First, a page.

For faculty

Faculty members play many critical roles in a successful program of identifying and mentoring potential nominees for nationally competitive scholarships.

Identifying potential scholarship candidates

  • When you encounter exceptional students in your classes or elsewhere at the university, please encourage them to make an appointment with the National Scholarship Office.
  • Some students are so modest about their accomplishments and capabilities that they will not put themselves forward for such awards without the strong encouragement of faculty that they know and respect.

Mentoring scholarship candidates

  • Encourage students to take challenging classes from your colleagues who you think will be able to inspire the best work from the students.
  • Invite and encourage top students to attend lectures and other events that will broaden and deepen their education.
  • If you are hosting a visiting scholar, consider inviting two or three top students to join you when you take the speaker out for lunch or dinner. These informal settings are wonderful opportunities for these students to learn and practice interview skills.
  • If students you know are applying for national scholarships, offer to review their application materials several times throughout the application process as they make changes and get feedback from different sources.
  • Seek out information about the scholarship for which the student is applying so you can effectively tailor your feedback to address the criteria that will be used to judge the student's application.
  • Be frank and honest in your feedback. If the applicant does not get critical feedback, their application will not likely rise to the level that will make them competitive.

Writing letters of recommendation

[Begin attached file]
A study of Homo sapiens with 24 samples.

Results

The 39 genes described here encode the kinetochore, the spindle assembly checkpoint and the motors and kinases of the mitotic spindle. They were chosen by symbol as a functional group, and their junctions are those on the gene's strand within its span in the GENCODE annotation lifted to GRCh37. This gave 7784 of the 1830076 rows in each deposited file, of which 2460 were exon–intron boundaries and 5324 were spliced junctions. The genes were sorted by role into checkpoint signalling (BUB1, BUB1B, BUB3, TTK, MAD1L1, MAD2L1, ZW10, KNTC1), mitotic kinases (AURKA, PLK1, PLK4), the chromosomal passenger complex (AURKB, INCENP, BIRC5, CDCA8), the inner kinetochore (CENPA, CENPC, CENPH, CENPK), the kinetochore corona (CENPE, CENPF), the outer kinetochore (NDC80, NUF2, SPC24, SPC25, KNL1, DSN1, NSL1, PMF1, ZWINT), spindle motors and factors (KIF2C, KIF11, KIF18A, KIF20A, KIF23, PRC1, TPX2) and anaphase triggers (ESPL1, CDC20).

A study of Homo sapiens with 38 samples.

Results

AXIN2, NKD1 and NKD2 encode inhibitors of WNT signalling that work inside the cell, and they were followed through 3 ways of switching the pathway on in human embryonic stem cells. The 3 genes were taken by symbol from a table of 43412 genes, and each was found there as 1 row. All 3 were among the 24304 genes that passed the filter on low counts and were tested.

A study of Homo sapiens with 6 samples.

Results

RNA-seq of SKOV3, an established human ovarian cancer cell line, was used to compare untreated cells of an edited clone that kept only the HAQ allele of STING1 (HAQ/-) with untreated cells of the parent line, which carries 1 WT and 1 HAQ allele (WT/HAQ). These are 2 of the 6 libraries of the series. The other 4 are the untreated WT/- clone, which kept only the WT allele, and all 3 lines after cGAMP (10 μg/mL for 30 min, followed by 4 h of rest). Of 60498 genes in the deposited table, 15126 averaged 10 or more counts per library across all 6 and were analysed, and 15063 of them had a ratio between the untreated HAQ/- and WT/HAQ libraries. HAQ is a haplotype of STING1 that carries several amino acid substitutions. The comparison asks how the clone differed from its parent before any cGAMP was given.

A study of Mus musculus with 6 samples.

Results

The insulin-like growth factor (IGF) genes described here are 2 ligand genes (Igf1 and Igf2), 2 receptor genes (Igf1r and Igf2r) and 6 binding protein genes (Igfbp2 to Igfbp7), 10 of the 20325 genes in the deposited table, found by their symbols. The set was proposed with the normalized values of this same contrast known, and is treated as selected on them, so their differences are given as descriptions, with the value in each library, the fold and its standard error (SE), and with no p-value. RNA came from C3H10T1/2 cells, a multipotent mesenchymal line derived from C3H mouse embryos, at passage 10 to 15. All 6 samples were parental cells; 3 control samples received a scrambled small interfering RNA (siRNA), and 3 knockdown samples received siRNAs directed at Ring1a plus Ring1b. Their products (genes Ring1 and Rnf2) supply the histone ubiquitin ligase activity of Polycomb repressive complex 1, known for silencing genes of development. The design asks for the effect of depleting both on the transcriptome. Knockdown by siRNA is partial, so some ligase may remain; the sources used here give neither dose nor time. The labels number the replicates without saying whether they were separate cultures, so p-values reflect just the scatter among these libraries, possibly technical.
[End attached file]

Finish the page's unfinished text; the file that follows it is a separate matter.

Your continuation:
• Offer to write letters of recommendation for national scholarships only if you have the time to write a detailed, thoughtful letter that will clearly set the student apart from his or her classmates.
  • Seek out information about the scholarship for which the student is applying, so you can effectively tailor your letter to address the criteria that will be used to judge the student's application.
  • Write a draft of the letter and ask a colleague — or two — or the National Scholarship Coordinator to give you feedback on the letter. Use the feedback you receive to fine tune your letter.
  • Make sure that the letter has no spelling or grammatical errors, that the formatting is appropriate for a letter of recommendation and that the letter is properly addressed to the committee that will be reviewing the student's application.
  • Have the letter done at least a day or two before the deadline that the student has shared with you. The students have enough issues that they stress out about when applying for these nationally competitive awards don't make getting your letter done on time another issue about which they need to worry.

Serving on campus nominating committees

  • If you are asked to serve on a campus nominating committee, consider it an honor that someone recommended you to the National Scholarship Office.
  • Take the time to review the application materials carefully and provide careful feedback and comments to the student if they are nominated to represent VCU in the national competition.
  • Remember that most students who apply are going to be inexperienced in interview situations. Try to make them comfortable and create a pleasant and memorable experience. There will be time later on to critique their personal interview styles and approaches.

Serving on mock interview panels

  • Mock interviews are arranged to prepare VCU's nominees for the possibility of being interviewed as national finalists. Several of these are held during the time the student is working on their application and then after the application has been submitted.
  • Follow the directions from the national scholarship coordinator for any particular mock interview. Some are more scripted than others. Some mock interviews are designed to expose the applicant to as many questions as possible that they might expect to get in a national interview; others are designed to poke holes in the candidate's application that can be fixed before it is submitted to the national competition.
  • As appropriate, suggest additional resources that might help the candidate to improve his or her application or preparation for a potential interview.